The gift of Jesus is at the heart of Christmas
What does Christmas mean to you?
Is it gathering with family to eat a big turkey dinner?
Is it opening presents Christmas morning in your Christmas jammies?
Is it hearing Christmas music and seeing Christmas lights everywhere you go?
For me, I’ve only done Christmas pajamas once, but it is most certainly a family time and I love the music and lights.
A friend of mine from another country told me how much she loves this time of year and wishes it was part of her culture. She also made a comment that got me thinking. She said she found it interesting that so many people celebrate Christmas without being religious.
I was impressed by her perceptiveness.
I’m guessing she recognized what is at the heart of Christmas — the birth of Jesus Christ — but she noticed that many who participate in the holiday don’t really believe in Jesus or put any emphasis on him.
I’m still pondering this a week later. How can it be?
To me, as a devoted follower of Jesus, I see Christmas as a celebration of the greatest gift of all — Jesus — who came to earth 2,000 years ago and through his perfect life, death and resurrection, made a way to deliver us all from the sin and death that came into the world through the rebellion of the first man and woman, and to bring us back into right relationship with our Creator and give us eternal life when we turn from our sins and put our hope and trust in him.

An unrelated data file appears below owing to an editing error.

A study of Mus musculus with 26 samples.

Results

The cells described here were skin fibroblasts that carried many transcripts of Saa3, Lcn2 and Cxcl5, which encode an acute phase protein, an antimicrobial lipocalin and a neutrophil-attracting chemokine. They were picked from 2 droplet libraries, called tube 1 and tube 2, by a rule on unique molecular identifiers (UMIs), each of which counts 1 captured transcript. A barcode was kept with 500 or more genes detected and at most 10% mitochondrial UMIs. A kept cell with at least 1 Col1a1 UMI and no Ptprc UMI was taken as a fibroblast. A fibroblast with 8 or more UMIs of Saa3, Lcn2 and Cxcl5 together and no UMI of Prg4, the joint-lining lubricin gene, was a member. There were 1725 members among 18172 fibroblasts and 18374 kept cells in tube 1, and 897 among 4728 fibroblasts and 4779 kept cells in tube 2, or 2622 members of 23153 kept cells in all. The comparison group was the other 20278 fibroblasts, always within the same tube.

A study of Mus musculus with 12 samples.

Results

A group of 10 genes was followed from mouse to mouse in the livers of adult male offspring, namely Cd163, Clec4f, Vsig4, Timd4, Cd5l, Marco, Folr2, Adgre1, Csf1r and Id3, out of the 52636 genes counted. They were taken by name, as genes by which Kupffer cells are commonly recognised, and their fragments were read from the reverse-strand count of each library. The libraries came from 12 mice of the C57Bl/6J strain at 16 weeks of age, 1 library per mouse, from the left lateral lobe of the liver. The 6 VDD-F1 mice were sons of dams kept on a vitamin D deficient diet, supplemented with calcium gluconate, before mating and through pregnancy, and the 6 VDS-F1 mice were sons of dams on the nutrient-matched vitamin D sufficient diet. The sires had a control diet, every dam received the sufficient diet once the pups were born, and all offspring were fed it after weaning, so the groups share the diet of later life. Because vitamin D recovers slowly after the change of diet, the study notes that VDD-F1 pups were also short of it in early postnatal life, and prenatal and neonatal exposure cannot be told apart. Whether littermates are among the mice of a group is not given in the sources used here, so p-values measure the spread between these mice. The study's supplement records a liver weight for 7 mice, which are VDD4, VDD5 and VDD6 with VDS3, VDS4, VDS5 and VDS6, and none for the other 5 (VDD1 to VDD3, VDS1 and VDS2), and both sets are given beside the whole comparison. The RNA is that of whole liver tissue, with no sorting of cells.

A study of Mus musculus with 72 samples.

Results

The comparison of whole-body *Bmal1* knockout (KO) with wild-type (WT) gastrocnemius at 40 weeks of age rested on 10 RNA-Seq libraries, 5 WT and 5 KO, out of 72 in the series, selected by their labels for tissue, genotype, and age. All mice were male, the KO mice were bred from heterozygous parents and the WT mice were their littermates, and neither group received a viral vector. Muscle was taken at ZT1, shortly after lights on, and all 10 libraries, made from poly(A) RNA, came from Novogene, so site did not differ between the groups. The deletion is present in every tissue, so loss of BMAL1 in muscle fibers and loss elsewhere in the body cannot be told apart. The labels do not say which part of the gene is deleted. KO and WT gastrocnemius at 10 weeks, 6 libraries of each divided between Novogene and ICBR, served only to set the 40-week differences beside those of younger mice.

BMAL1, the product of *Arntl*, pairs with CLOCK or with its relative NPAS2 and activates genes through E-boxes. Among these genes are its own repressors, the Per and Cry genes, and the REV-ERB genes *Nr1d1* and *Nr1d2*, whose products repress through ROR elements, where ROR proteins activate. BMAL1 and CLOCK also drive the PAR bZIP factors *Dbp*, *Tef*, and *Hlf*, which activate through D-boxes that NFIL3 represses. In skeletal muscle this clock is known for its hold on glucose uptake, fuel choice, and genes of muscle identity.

To me, then, celebrating Christmas without Jesus in the picture is like keeping the wrapping paper and discarding the gift. Yes, the wrapping can be the prettiest part of the whole gift. It is what we look at longingly as the present sits under the tree. But the wrapping paper is just the outer trappings. It has little value in and of itself. The gift is the important part.
Now, maybe you have experienced disappointment in the gift. (I am notorious, sadly, for not always being thankful for presents I receive – ask my mother) Maybe you don’t see the point of the gift or the preciousness of the gift. Or maybe it’s hard for you to find the gift. Just like when you have relatives like my brother-in-law who puts the smallest present in a much-too-big box or wraps it in so many layers you think you’ll never get to the gift, it can be hard to find the truth in all the myriad of beliefs out there.
This month, wherever you’re at, take a few moments and think about what Christmas means to you and why. It could be a good conversation at the dinner table.
Springfield North community correspondent
Sonya Braun is a community correspondent for Springfield North.